BEAU –When Butterflies Scream (Cherry Red BEAUWBS1)
What with the likes of Steve Pledger and Will Varley the last couple of years have seen quite a resurgence in the protest song album on the UK’s contemporary folk/Americana circuit, but some have been doing this for years. I’ve written about Trevor Midgley aka Beau on these pages before and it’s good to report that his latest album, When Butterflies Scream, ably keeps up the standard. Sounding more than ever like Jake Thackray in his vocal delivery, it is, as ever, a no frills musical affair, predominantly just him and acoustic guitar, that allows the comments and commentary to take front of stage.
It opens with ‘Who Pays The Ferryman?’ not, you’ll be relieved to hear, a Chris De Burgh cover but, set to a slow mazurka rhythm etched out on accordion (one of the most elaborate instrumentations on the album) and drawing on Greek mythology and the figure of Charon who ferried the dead across the River Styx if they had the coin to pay, his take on the refugee crisis and the traffickers who exploit it. It’s a theme to which he returns on the closing seven-minute lyrically harrowing ‘The Immigrant’ with its recounting of mass executions, genocide rapes and those consigned to risk their lives in taking flight to see, those who survive being herded into camps while the politicians debate their fate (“We’re not in the business of profit and loss!” “Sort out the doctors and leave out the dross!”).
If that’s about effect, then ‘Kill The Idea’ looks at cause and how military attempts to eradicate an idea in the name of freedom more often causes it to drift “into different shapes that were harder to shift.”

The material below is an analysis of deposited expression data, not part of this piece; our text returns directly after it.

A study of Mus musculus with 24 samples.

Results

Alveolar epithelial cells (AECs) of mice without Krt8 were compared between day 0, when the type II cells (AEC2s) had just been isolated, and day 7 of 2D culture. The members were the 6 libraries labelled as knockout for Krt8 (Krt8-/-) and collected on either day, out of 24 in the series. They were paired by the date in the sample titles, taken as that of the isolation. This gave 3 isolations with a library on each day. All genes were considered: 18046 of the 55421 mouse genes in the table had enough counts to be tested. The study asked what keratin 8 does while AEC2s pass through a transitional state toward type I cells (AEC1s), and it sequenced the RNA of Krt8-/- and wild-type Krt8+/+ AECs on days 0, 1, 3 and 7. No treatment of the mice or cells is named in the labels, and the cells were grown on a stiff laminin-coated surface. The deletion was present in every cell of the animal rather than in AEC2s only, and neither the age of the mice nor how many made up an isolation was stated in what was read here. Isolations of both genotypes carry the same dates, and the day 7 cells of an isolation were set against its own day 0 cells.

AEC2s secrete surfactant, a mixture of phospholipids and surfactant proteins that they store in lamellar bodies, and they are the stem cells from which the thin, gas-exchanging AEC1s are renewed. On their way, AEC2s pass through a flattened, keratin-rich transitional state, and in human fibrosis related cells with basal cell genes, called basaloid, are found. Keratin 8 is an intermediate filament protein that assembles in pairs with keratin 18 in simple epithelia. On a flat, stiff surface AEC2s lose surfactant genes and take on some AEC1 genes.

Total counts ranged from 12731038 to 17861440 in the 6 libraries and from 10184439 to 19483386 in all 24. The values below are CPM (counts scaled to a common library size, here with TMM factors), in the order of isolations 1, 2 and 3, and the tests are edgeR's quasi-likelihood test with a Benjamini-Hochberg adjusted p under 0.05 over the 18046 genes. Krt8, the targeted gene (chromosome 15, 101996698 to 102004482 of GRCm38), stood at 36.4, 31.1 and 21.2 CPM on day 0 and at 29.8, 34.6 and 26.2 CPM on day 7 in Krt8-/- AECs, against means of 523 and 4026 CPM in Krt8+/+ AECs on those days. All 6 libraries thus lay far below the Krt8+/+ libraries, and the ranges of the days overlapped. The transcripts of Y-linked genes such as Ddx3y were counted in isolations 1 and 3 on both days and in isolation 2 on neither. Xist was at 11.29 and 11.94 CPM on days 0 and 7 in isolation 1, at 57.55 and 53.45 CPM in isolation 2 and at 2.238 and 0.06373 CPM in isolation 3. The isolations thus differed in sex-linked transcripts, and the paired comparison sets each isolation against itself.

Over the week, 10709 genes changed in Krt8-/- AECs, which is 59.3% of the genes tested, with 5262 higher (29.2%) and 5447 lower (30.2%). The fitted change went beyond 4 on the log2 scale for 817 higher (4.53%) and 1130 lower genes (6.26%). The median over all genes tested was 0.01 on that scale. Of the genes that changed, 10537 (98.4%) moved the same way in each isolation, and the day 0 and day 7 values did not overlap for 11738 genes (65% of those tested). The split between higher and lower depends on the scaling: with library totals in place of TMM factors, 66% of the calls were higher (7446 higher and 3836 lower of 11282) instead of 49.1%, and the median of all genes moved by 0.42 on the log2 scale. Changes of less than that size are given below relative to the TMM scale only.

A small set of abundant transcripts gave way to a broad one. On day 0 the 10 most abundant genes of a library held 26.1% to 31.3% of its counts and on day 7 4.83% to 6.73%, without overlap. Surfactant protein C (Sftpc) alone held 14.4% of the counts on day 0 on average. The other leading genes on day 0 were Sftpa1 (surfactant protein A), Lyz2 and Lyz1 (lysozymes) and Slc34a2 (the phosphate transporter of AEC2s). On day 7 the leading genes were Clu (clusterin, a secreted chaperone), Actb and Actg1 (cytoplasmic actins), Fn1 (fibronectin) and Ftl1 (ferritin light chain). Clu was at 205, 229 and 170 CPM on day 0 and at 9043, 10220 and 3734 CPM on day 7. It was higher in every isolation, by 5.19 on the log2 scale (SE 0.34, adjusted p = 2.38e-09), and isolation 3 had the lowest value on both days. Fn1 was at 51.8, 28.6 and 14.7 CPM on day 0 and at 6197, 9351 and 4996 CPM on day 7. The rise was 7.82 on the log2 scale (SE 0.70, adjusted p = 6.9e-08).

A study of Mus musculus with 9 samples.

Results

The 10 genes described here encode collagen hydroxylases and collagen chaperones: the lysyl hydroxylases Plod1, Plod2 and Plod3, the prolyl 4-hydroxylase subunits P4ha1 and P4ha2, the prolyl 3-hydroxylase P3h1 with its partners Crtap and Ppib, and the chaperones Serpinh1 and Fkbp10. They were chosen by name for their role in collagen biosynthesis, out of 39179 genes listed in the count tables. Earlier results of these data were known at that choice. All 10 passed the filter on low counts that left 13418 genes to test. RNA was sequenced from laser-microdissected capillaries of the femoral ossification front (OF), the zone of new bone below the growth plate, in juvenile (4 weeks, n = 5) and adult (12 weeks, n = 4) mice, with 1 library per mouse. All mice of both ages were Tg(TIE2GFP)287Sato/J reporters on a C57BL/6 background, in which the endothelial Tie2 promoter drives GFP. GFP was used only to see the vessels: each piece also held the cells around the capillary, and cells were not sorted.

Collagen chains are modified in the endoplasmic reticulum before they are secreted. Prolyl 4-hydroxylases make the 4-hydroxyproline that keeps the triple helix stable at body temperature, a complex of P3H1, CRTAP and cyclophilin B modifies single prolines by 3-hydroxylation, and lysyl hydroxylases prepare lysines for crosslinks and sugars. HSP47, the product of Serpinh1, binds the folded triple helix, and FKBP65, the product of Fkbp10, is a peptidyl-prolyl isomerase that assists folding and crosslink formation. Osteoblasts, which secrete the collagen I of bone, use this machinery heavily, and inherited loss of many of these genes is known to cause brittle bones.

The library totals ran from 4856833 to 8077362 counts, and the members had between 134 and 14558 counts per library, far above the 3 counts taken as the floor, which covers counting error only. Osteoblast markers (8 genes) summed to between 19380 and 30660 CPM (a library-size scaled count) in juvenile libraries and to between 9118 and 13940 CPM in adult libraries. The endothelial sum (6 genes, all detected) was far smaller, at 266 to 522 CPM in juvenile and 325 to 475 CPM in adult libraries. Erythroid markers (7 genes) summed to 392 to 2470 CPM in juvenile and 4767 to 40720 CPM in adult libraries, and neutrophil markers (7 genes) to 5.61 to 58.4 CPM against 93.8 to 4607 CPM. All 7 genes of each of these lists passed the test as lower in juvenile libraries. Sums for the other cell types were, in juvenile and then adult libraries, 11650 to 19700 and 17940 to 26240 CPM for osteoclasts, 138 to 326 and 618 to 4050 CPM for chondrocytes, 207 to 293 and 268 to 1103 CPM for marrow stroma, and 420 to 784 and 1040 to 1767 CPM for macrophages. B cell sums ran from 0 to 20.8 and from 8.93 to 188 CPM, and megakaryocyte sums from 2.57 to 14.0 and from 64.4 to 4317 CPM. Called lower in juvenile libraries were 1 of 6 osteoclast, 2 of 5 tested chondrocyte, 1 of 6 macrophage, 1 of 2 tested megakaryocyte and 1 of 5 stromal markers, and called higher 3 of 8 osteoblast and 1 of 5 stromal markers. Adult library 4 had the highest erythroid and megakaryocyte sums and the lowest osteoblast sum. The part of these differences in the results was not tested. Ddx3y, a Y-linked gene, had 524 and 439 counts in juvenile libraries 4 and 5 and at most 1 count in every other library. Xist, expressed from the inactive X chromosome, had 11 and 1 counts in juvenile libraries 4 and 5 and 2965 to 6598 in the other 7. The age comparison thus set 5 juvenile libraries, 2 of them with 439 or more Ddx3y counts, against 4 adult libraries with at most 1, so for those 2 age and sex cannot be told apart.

The album’s title comes from a disturbing image in ‘Gerrymander Street Blockade’, a story of murky political goings on and cover ups, followed by the waltzing ‘The Song of the Pox Doctor’s Clerk’, a surely cynical suggestion that some of the Honours List gongs are handed out to, a she puts it, those who know where the bodies are buried (“It would be remiss for me here to disclose all names and addresses, but yes, there were those with reasons to quaver and even to quail; My peerage, it seemed, had been lost in the mail!”).
Government politics resurface with ‘The Mandarin’, an observation on those who ensure ministers are all singing from the same hymn sheet in the service of doctrinal mandates (“Alas we can’t claim to be wholly immune from bribery, sleaze and the inopportune. So, best we desist from our scheduled schemes, toppling dictators from dishonest regimes”).
One of the most pointedly barbed numbers is ‘The Promise’, a timely reminder of how badly the country and the MoD in particular, often treats those injured in the service of their country once they return home as it tells of how a hero survivor of his unit suffers from PSTD and ends up a down and out committing suicide by walking into the sea because “somehow, the Military Covenant’s promise had simply gone out through the door; And all that remained was a shirt on his back and the ribbons he steadfastly wore.”
Elsewhere he turns his eye on the use of armed military drones with ‘The Fire’, calling on Newton’s law that for every action there’s an equal opposite action and, basically, if something can go wrong it will (“Missiles pack a punch, and this one didn’t mess around – The fireball arriving above the speed of sound. In the end, they called it an “unfortunate event”; chances of it happening? Around fifteen percent”).
Taking an aspiring Stravinsky as an example, ‘Ben & Jerry’s Coca-Cola Tarantella’ is about selling out your soul (or ideals) to the devil, or in this case the commercial imperative while both ‘The Nightmare’ and ‘It’s Only Just Begun’ both sound an apocalyptic note, the former a talking blues response to the election of Donald Trump and the latter, with references to Nero, Genghis Khan, the bombing of Dresden, the Falklands conflict, Bhopal and the morning after 10/11, a tale of the Devil fuelling man’s proclivity for death and mass destruction.
The remaining number, ‘Smilin’ Billy Lye’, is less obvious, ostensibly the story of a dirt track rider who, envious of Motorcycle Show stunt champion Crash Donovan (the name a nod to the 1936 Highway Patrol movie) takes up his Tunnel of Fire challenge with enigmatic results, but there’s a cautionary string in its tale.
It’s sadly unlikely that this is going to attract the sort of attention and acclaim accorded the current crop of folk’s socio-political commentators or find an audience much beyond Midgley’s fanbase, but those who do seek it out will be well rewarded.